The university's Institute for Teaching Excellence and Faculty Development has named Assistant Professor of Environmental Health Sciences Laura Vandenberg a 2018-19 Teaching for Inclusiveness, Diversity and Equity (TIDE) Ambassador.
UMass Magazine profiles research being conducted by Environmental Health Sciences faculty member Richard Pilsner in its Spring 2018 issue.
Recent Environmental Health Sciences graduate Durga Kolla MS ’18 and Public Health Sciences alumna Niamh Mulrooney '17 have received Fulbright awards from the U.S. Department of State and the J. William Fulbright Foreign Scholarship Board. They will study in Denmark and Swaziland, respectively.
Associate Professor of Environmental Health Sciences Richard Peltier recently authored a piece in The Conversation examining the causes of air pollution and its adverse impact on human health.
The School of Public Health and Health Sciences will host a special Boston Alumni Night on Monday, June 25, 2018, from 6:00-8:00 p.m. at The University of Massachusetts Club.
A group of more than two dozen undergraduate and graduate students attended this year’s SPHHS Awards Celebration, where they were recognized for outstanding achievements in the classroom, in research, and through service to the community. The SPHHS Awards Celebration was held in the Old Chapel on April 28, 2018.
The SPHHS is pleased to announce the 2018 SPHHS Research Day award winners: Aastha Pokharel (1st place), Stephanie Hung (2nd place), Carl Jewell (3rd place), and Joshua Freeman and CHristine Langton (Honorable Mentions). Haydee Jacobs was named the Delta Omega abstract winner.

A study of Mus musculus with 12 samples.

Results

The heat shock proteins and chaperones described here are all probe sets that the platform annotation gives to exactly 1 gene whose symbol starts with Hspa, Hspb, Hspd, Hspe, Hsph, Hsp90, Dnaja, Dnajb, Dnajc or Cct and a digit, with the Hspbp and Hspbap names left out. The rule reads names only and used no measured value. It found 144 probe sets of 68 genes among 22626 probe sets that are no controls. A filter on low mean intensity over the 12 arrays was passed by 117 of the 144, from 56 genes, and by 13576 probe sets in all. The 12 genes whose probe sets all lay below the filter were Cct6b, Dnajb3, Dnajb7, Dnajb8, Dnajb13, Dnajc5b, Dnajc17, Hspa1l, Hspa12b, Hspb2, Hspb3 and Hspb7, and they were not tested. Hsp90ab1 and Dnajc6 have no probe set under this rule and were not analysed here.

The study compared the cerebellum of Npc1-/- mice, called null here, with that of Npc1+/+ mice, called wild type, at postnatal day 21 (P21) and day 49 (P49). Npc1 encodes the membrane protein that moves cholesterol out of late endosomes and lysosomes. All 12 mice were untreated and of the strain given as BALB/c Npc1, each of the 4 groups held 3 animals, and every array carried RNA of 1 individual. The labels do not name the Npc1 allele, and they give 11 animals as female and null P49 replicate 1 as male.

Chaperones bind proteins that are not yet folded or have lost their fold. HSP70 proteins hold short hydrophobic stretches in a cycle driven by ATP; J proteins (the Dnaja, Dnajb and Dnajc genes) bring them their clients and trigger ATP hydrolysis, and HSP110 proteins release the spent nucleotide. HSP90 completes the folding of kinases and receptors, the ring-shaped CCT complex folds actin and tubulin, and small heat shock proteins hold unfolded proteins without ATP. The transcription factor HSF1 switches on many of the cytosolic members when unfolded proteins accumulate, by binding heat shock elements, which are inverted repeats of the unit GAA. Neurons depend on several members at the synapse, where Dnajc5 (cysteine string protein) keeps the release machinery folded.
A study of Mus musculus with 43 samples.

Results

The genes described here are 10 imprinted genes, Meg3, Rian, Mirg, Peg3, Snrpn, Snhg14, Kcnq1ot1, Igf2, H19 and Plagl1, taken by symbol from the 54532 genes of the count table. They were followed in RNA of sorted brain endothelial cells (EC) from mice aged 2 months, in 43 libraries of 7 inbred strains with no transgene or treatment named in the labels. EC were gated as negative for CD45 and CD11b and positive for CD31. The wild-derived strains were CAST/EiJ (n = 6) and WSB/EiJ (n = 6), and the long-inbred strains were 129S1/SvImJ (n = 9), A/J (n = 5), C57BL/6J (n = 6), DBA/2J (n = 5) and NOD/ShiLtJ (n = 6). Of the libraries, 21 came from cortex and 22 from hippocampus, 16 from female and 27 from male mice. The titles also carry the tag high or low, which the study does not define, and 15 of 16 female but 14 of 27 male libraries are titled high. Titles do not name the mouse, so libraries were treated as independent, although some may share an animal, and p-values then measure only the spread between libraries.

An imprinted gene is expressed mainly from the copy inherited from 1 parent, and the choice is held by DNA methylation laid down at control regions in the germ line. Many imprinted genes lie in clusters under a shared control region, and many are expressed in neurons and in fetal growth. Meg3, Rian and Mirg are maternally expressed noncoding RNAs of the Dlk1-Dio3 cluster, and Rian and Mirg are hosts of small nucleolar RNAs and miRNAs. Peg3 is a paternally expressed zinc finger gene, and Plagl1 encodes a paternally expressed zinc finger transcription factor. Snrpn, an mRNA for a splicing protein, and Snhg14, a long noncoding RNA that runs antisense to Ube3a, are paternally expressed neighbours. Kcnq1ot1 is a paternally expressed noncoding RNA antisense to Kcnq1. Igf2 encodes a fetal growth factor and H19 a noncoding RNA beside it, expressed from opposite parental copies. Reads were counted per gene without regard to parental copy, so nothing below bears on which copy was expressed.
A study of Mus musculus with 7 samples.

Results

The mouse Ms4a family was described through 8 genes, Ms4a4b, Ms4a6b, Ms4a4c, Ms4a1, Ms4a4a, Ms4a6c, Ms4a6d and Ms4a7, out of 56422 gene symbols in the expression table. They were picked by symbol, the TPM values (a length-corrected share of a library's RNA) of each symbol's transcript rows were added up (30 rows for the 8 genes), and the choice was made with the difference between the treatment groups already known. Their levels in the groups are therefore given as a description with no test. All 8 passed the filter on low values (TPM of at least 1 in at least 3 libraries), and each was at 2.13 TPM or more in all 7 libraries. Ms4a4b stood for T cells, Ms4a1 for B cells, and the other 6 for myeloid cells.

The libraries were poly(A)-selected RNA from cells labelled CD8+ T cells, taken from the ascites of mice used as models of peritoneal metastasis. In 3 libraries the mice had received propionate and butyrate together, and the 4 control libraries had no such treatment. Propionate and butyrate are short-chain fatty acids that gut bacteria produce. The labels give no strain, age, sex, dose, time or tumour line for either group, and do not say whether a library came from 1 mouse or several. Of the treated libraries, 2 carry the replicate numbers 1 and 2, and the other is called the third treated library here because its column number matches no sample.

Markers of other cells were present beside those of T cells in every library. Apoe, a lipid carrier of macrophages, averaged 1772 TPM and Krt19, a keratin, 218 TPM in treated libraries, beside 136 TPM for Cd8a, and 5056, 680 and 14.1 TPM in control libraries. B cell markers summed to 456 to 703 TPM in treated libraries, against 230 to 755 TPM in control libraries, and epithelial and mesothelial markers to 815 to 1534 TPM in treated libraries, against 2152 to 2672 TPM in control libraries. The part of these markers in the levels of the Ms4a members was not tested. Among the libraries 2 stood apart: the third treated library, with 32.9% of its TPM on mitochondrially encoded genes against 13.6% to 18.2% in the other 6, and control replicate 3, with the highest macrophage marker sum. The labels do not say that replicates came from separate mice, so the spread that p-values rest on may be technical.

Environmental Health Sciences assistant professor Alexander Suvorov recently held a guest spot on UMass Radio’s Lab Talk with Laura where he spoke about how an important discovery on Easter Island relates to our bodies’ long term response to flame retardants.
Assistant Professor of Environmental Health Sciences J. Richard Pilsner is among the researchers featured in an article on the burgeoning field of sperm epigenetics appearing in the February 2018 issue of Environmental Health Perspectives. The focus article explores current research trends on paternal environmental exposures and how they might affect the health of his unborn children.
In a recent study, environmental scientists led by Laura Vandenberg at the University of Massachusetts Amherst School of Public Health and Health Sciences report that they observed changes in mammary gland development of female mice exposed during early development to the chemicals used in unconventional oil and gas (UOG) extraction – including fracking – at levels environmentally relevant to humans.